Jamie George believes England players’ experience during the British and Irish Lions’ drawn series in New Zealand will stand them in good stead against the All Blacks at Twickenham.
Saturday’s match is the first time England have faced reigning world champions New Zealand in four years.
England have won just seven matches against the All Blacks since they first met in 1905, but George has taken heart from the way the Lions drew a three-Test series 1-1 last year.
Five of Eddie Jones’ starting XV have experienced victory over New Zealand, the most recent win coming on a Lions tour which saw the combined side win the second Test in Wellington.
“That day is probably the best feeling of my rugby career so far and hopefully we can repeat that,” said George, the Lions’ first-choice hooker throughout the series.
“Half of us have beaten the All Blacks before and we’ve drawn on those experiences this week.”
The Saracens front row, a replacement in the England set-up behind New Zealand-born co-captain Dylan Hartley, added: “We’ve spoken about what we need to do to beat them and what worked previously.”
Saturday’s match will provide England with a useful yardstick ahead of next year’s World Cup in Japan, with George warning: “If you’re slightly off against the All Blacks they’ll take advantage…We have to put our stamp on the game.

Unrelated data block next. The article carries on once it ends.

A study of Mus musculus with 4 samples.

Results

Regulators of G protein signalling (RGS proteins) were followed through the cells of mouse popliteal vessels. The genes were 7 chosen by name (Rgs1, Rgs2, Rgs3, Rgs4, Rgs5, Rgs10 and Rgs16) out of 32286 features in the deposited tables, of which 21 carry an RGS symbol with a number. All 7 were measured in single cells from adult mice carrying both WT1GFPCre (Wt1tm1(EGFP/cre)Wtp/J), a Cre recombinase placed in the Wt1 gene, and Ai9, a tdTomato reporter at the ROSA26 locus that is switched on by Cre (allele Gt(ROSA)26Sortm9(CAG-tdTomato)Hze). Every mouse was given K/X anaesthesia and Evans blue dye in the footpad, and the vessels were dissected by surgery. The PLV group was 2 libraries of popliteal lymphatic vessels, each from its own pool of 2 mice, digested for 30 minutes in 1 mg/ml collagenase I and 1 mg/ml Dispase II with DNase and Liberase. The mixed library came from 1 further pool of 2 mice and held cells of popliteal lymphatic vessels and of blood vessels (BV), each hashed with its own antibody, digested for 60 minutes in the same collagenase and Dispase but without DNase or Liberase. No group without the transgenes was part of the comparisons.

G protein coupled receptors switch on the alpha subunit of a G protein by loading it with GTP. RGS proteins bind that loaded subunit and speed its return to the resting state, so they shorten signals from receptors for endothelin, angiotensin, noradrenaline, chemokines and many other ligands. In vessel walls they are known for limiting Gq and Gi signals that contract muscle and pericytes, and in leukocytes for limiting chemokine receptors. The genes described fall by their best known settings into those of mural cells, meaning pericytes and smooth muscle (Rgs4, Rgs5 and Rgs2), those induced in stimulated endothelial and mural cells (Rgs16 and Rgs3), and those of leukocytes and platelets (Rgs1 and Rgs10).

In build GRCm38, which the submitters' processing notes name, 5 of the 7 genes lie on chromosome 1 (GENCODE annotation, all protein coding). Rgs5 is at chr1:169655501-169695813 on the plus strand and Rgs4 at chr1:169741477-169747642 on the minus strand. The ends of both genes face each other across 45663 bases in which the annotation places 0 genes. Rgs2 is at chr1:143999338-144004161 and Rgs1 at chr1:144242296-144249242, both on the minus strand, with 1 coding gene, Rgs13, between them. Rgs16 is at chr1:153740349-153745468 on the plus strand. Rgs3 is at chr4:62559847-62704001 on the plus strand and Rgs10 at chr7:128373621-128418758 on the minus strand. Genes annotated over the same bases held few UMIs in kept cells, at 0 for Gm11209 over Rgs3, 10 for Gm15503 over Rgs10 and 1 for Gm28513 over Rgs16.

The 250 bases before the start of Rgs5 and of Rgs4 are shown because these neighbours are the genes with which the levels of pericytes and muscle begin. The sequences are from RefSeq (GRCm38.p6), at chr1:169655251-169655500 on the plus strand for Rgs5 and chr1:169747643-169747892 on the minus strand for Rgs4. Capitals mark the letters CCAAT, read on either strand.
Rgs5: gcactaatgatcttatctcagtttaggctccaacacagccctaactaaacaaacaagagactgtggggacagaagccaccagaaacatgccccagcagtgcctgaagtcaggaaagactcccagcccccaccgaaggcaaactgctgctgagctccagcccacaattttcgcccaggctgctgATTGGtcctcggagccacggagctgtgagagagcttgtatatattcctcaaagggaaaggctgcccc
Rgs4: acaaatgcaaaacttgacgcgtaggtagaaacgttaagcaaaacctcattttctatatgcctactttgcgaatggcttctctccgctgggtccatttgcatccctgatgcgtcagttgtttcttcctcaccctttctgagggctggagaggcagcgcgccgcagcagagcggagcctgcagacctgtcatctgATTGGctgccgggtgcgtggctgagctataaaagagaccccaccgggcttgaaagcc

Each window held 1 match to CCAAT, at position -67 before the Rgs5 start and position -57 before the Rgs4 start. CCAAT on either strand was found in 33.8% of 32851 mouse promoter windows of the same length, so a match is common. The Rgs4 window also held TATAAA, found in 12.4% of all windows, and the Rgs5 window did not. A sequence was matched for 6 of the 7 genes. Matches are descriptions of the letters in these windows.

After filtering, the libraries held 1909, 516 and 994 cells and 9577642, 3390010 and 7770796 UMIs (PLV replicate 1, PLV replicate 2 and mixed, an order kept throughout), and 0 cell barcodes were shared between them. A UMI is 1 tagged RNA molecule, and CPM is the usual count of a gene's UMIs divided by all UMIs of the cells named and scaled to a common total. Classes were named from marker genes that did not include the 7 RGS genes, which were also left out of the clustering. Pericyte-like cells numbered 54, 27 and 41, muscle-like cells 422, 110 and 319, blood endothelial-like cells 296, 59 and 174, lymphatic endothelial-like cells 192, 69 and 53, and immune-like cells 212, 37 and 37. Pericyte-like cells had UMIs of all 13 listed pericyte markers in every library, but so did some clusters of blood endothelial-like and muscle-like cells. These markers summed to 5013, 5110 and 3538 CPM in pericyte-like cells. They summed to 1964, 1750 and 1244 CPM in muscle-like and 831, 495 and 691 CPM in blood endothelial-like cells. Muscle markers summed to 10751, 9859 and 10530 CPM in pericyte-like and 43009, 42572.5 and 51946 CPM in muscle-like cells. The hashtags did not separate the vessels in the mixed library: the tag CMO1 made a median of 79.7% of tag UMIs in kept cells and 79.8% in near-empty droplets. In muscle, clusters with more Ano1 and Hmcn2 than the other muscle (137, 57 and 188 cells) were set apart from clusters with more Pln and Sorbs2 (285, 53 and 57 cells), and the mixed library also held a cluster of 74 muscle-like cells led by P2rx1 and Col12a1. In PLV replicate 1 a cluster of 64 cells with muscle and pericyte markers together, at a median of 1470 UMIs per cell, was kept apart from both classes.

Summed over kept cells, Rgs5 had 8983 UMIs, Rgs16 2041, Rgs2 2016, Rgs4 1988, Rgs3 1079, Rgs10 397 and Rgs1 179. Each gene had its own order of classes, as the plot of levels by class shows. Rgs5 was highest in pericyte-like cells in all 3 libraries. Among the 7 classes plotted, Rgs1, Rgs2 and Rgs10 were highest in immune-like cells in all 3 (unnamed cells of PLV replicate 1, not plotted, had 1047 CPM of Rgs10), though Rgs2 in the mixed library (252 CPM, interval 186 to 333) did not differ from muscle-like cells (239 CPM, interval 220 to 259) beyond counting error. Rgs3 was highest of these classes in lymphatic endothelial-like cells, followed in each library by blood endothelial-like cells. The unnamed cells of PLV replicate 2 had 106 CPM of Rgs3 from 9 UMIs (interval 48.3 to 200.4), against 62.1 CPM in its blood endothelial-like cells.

“When I’ve played in teams that did that previously, we’ve been successful.”
England head into this weekend’s clash with wing Chris Ashton, one of the most prolific try-scorers in the game, back in their starting side for the first time in four years.
Attack coach Scott Wisemantel urged Jones to bring Ashton back into the fold after seeing him set a new Top 14 try-scoring record for French giants Toulon.
By the end of the season, former Saracens star Ashton had returned to England by signing for Sale, paving the way for a Test recall.
“Chris was on fire during his season in France, Wisemantel, an assistant coach at Top 14 side Montpellier before joining England’s staff.
“The thing that impressed me most is that in that French league you can have very, very good players who when they get there deteriorate because they get lazy,” he added.
“But as the season progressed, he not only maintained speed but also got faster.
“I said to Eddie have you have seen Ashton play? He’s on fire! And Eddie goes ‘yeah mate’.”